Presentation on theme: "Economic Freedom of the World: 2005 Annual Report James Gwartney Professor of Economics & Gus A. Stavros Eminent Scholar Chair Florida State University."— Presentation transcript:
Economic Freedom of the World: 2005 Annual Report James Gwartney Professor of Economics & Gus A. Stavros Eminent Scholar Chair Florida State University Robert Lawson Professor of Economics & George H. Moor Chair Capital University Cato Institute September 8, 2005
What is Economic Freedom? Personal Choice Individuals are permitted to choose for themselves in economic life (as opposed to having such decisions made for them by others). Voluntary Exchange People are permitted to exchange goods at mutually agreeable prices. Protection of Persons and Property People are secure from intrusion by others. Freedom to Enter and Compete in Markets
Methodology uses quantitative/objective and third party data (WB, IMF, GCR, ICRG, PWC) large number of countries long time period Zero to 10 ratings (10 means more free/less intrusion). 5 Areas, 38 Components and/or Sub- Components 60+ institutes around the world
5 Areas of EFW Index 1. Size of Government: Expenditures, Taxes, and Enterprises (4 Components) 2. Legal Structure and Security of Property Rights (5 Components) 3. Access to Sound Money (4 Components) 4. Freedom to Exchange with Foreigners (5 Components) 5. Regulation of Credit, Labor, and Business (3 Components)
Which are the freest economies in the world?
Economic Freedom Ratings of Selected Countries
Countries with Big Increases (> +2.5) in Economic Freedom, Source: Exhibit 1.4
Countries with Decreases (< -0.5) in Economic Freedom, Source: Exhibit 1.4
Economic Freedom and Per Capita Income EFW Quintiles, 2003
Economic Freedom and Economic Growth EFW Quintiles, 2003
Economic Freedom and Investment EFW Quintiles, 2003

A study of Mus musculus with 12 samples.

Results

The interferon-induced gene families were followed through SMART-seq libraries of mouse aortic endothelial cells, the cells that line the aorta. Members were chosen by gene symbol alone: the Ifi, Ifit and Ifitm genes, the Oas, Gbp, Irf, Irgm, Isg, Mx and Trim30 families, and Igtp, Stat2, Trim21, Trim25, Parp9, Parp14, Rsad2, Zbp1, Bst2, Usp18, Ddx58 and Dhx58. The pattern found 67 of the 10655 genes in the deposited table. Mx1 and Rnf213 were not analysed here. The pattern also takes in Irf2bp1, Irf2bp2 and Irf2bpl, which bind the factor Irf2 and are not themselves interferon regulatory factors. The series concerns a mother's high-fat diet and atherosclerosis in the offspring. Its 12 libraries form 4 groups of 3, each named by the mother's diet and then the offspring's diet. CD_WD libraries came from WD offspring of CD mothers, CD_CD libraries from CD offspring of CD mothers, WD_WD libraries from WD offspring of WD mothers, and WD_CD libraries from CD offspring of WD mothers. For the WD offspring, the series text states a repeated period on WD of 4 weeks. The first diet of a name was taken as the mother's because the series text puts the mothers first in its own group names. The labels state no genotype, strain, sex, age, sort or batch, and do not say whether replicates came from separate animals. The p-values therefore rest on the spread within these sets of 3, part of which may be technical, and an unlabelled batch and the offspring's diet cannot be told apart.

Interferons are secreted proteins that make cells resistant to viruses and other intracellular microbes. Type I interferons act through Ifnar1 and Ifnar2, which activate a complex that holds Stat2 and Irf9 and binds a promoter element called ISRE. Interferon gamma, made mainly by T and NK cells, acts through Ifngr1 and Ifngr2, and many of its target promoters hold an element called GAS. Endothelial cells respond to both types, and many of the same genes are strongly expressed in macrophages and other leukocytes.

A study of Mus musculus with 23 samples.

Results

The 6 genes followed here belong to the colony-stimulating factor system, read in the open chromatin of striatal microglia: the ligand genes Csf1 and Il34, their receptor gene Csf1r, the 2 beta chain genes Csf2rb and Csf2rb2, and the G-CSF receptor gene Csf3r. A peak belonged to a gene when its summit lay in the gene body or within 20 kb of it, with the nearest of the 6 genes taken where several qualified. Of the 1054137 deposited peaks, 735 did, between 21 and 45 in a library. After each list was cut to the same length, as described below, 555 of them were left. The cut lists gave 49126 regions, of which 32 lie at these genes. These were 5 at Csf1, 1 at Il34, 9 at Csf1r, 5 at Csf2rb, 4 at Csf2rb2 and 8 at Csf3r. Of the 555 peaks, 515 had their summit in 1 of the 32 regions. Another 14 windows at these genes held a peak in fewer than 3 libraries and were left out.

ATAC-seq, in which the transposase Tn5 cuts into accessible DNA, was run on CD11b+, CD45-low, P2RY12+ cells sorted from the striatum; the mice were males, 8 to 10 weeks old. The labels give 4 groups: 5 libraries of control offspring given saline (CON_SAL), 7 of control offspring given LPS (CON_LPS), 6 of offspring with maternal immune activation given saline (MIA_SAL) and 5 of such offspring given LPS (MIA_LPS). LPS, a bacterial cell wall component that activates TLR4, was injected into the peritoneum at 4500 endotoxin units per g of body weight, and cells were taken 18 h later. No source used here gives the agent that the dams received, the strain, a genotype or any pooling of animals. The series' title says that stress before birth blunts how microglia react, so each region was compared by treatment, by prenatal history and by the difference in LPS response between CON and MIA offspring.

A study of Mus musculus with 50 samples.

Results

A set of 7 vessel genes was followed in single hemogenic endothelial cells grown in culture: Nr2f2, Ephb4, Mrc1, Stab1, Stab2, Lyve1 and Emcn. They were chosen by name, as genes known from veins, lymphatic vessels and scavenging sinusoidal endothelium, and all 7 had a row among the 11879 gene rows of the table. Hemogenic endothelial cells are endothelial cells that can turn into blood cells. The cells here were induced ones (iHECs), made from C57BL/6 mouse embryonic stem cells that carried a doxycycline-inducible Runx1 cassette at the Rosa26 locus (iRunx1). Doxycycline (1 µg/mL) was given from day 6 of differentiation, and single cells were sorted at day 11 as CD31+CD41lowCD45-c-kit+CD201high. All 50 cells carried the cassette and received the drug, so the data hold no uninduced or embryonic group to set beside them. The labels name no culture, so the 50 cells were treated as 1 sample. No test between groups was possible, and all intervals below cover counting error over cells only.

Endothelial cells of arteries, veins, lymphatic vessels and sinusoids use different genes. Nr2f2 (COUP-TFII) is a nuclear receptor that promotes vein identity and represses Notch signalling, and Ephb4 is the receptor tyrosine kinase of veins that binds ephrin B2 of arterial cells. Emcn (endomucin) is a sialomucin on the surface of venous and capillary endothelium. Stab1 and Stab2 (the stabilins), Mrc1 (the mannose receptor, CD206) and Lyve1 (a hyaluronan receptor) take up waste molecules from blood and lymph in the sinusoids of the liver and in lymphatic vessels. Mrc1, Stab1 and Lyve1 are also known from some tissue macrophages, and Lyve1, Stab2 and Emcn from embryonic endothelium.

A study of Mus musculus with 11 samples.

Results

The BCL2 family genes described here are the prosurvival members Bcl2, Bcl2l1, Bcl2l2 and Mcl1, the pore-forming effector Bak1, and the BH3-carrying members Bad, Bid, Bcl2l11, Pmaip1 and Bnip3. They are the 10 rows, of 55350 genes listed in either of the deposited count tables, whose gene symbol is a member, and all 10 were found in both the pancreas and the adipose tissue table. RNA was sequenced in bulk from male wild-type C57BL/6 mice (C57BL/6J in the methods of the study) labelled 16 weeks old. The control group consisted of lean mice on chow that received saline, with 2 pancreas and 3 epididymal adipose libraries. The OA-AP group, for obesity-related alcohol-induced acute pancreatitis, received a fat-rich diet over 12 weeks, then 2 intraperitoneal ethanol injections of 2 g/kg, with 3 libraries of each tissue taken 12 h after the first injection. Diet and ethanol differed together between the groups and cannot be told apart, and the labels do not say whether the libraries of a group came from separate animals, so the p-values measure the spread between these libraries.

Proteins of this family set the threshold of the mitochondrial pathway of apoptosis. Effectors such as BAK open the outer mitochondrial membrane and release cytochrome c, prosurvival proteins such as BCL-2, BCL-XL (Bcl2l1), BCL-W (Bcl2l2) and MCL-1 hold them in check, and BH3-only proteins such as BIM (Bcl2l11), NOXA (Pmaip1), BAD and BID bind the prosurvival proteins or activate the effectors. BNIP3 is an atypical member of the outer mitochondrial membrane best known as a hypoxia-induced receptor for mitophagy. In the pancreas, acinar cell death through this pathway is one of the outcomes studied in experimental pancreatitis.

Economic Freedom and Infant Mortality EFW Quintiles, 2003
Economic Freedom and Political Rights and Civil Liberties EFW Quintiles, 2003 Note: Political Rights and Civil Liberties are measured on 1-7 scale: 1 is highest degree of freedom; 7 lowest. Source: Freedom House
New research: Economic Freedom and Peace by Erik Gartzke Associate Professor of Political Science Columbia University
The Democratic Peace? Does the concept of a democratic peace hold up to scrutiny? Democracies tend not to go to war with each other but go to war about as often in general as non- democracies. Developing democracies are as prone as non- democracies to violent conflict. Thus, democratic peace fails close study.
The Capitalist Peace? Stable democracies typically have high levels of economic freedom – which promotes peace. When both are included in a statistical test, economic freedom is 50 times more potent in reducing conflict than democracy. Nations which score below 2 in the EF index are 14 times more prone to conflict than top scoring nations. Economically free nations fight each other less and go to war against other nations less as well.
Causes of the Capitalist Peace Wealth and power are created by markets and the efficient production that arises from them, not by conquest of land or raw materials. Wealth created by market economies through efficient production, unlike wealth derived from land or resources, is difficult for nations to steal by violent action. Efficient production requires property rights and free decisions by market participants that cannot be effectively coordinated to the victors advantage. Markets provide new methods for signaling among nations and create areas in which states can compete without having to go to war.